Yearning for the Ocean Mother at the Spring Equinox

Here in New England, the spring equinox frequently coincides with the flooding of our rivers and streams.  The melting of giant piles of snow and torrential seasonal rains cause the rivers and streams to rise and basements are wet and roads close. This year, the flooding has been the worst I have ever seen in my 20 years here.  Trees have come tumbling down on houses as their roots can no longer hold on in the sodden soil.  Rivers and their banks have become lakes. All but one of the roads out of my neighborhood is closed.

I take the train to work and on the day of the worst rains, as I was walking around gigantic puddles and gazing in amazement at the streams running across roads and the furious falls roaring over rocks and dams, I found myself singing one of my favorite Goddess songs, Yemaya Assesu.  It is a happy, cheerful song praising Yemaya, one of the names of the great Ocean Mother Goddess of many parts of Africa and the African Diaspora.  While her traditional cultures and others may experience her differently, to me she has always been the all-embracing, all-loving, all-life-giving Mother whose affection  wraps itself around you in both your saddest and most joyful moments.

But yet, though an ocean Goddess certainly was evident in the water everywhere, what I sensed that day seemed more like the Destroyer-Creator Goddesses like Kali.  People were being washed away in rushing rivers.  Uprooted trees lined the roadways.  Animals were displaced from their homes and rushing for refuge on higher ground.  The water itself was powerful, pulling along with it branches and leaves as it raced over roads and fields, oblivious to all the obstacles humanity thought it had built on the land. Yet, I knew that in the weeks ahead, this water would also be a life-giver, making my own garden much more abundant, providing more food for the animals once they returned home, and nourishing the young saplings that would grow in place of the trees that were lost.

As the days passed, the waters receded only little, but a peace came over the land.  The rivers were still overflowing and the woods I walked through daily were waterlogged, but the water was glassy and still, reflecting the clouds and sun.  And, while the raindrops dripped down my face and soaked my shoes and clothes, I also felt the intimacy of the element of water. All life came from water, and we are made of water.  We all swim in water before birth and water or the lack of it is the difference between life and death for all of us.  Water is part of us at all times and we cannot escape it.  Water is truly like a mother from whom we are born and who is part of us always. I thought of a story from a long time ago.

I was living in New York City in the 1980s when AIDS devastated entire communities.  I worked for an agency that oversaw a program that sent older volunteers where they were desperately needed.  One place they were assigned was pediatric wards of hospitals that were full of babies whose mothers were not able to care for them because they were dying of AIDS. The hospitals cared for the babies as best they could, but none of the staff had time to simply hold the babies, sing to them, and rock them.  No one did, except for volunteers like ours.  At the time, no one really knew how AIDS was spread, so there was some concern that the volunteers might possibly contract AIDS from the babies, yet the volunteers were there for the babies, day after day. One day a reporter asked one of the volunteers if she weren’t afraid and she said “We’ve been through the Depression.  We’ve been through the Great War.  We’ll get through this.”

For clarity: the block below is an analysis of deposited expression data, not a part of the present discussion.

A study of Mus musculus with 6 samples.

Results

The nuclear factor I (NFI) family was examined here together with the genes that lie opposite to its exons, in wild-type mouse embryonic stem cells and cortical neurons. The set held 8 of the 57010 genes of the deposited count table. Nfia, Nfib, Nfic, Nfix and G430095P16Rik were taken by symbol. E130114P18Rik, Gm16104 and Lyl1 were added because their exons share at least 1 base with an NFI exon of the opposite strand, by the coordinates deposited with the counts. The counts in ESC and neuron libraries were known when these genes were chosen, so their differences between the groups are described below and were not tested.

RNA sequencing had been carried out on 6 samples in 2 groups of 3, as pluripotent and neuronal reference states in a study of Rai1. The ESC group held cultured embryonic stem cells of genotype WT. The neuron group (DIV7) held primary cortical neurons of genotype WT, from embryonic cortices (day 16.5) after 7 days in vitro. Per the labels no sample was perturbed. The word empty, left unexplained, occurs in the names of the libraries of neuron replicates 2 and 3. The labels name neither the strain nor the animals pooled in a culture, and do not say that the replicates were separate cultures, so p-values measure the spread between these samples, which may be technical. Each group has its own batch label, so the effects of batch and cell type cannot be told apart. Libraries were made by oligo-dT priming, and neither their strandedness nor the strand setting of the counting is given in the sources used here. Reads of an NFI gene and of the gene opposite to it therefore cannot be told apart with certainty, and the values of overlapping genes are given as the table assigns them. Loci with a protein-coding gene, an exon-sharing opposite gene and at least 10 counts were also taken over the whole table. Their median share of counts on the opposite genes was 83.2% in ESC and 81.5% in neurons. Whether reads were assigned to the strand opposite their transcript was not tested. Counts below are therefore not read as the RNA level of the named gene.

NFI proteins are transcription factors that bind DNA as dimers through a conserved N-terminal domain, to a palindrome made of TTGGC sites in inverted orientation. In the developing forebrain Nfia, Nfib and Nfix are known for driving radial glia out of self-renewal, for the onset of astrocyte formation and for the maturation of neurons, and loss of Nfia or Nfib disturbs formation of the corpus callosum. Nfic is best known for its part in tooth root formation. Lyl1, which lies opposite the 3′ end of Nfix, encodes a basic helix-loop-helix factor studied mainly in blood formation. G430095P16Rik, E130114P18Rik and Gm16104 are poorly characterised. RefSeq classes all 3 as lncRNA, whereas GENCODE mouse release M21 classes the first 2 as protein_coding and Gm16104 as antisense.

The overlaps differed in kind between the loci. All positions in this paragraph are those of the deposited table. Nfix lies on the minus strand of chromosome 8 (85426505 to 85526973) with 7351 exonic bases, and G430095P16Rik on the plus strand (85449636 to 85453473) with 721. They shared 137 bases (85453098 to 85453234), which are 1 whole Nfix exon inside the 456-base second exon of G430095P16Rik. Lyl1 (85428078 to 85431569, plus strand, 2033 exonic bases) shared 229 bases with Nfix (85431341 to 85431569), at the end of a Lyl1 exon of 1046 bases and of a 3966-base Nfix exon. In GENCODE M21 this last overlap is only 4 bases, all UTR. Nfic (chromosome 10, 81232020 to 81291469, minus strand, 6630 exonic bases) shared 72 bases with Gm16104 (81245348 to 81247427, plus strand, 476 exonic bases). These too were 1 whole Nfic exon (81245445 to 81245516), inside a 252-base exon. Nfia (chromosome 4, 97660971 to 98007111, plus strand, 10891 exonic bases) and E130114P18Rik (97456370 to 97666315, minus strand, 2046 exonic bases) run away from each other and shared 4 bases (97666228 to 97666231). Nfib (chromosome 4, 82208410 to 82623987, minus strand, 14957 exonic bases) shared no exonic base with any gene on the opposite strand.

And I recognized Yemaya in that woman’s intense love of those babies who were not even her own family and her understanding that life will continue past this immediate crisis. And I saw Yemaya in the flood waters all around me.  Many living beings would not survive the floods – trees, small plants and animals, some people – but the impulse to life would continue. The intimacy of water would ensure that the landscape and the beings living on it might be different, but life would return.  Peace would come back to the land and new plants and trees would grow and baby animals and humans be born.  This is a new meaning of spring and the spring equinox for me, this intense love of rebirth and life that looks beyond what is happening at the moment and sees that with courage, faith, and love, life will continue.

Someday I will have my own flood, whether accident or disease, and my life will not continue.  But Yemaya will be there and life will go on, whether in my son and his children, or herbs I have raised and that have gone to seed, or words I may have written or said that meant something to someone and are remembered, like the quote from the woman volunteer.

This spring I celebrate those wild days that are Kali-like, but mostly I honor Yemaya’s devotion to the continuation of life that this season brings and I vow to express it in my own words and deeds the rest of the year.

By Carolyn Lee Boyd

Carolyn Lee Boyd’s essays, short stories, memoirs, reviews, and poetry have been published in a variety of print magazines, internet sites, and book anthologies. Her writing explores goddess-centered spirituality in everyday life and how we can all better live in local and global community. In fact, she is currently writing a book on what ancient and contemporary cultures have to tell us about living in community in the 21st century. She would love for you to visit her at her website,, where you can find her writings and music and some of her free e-books to download.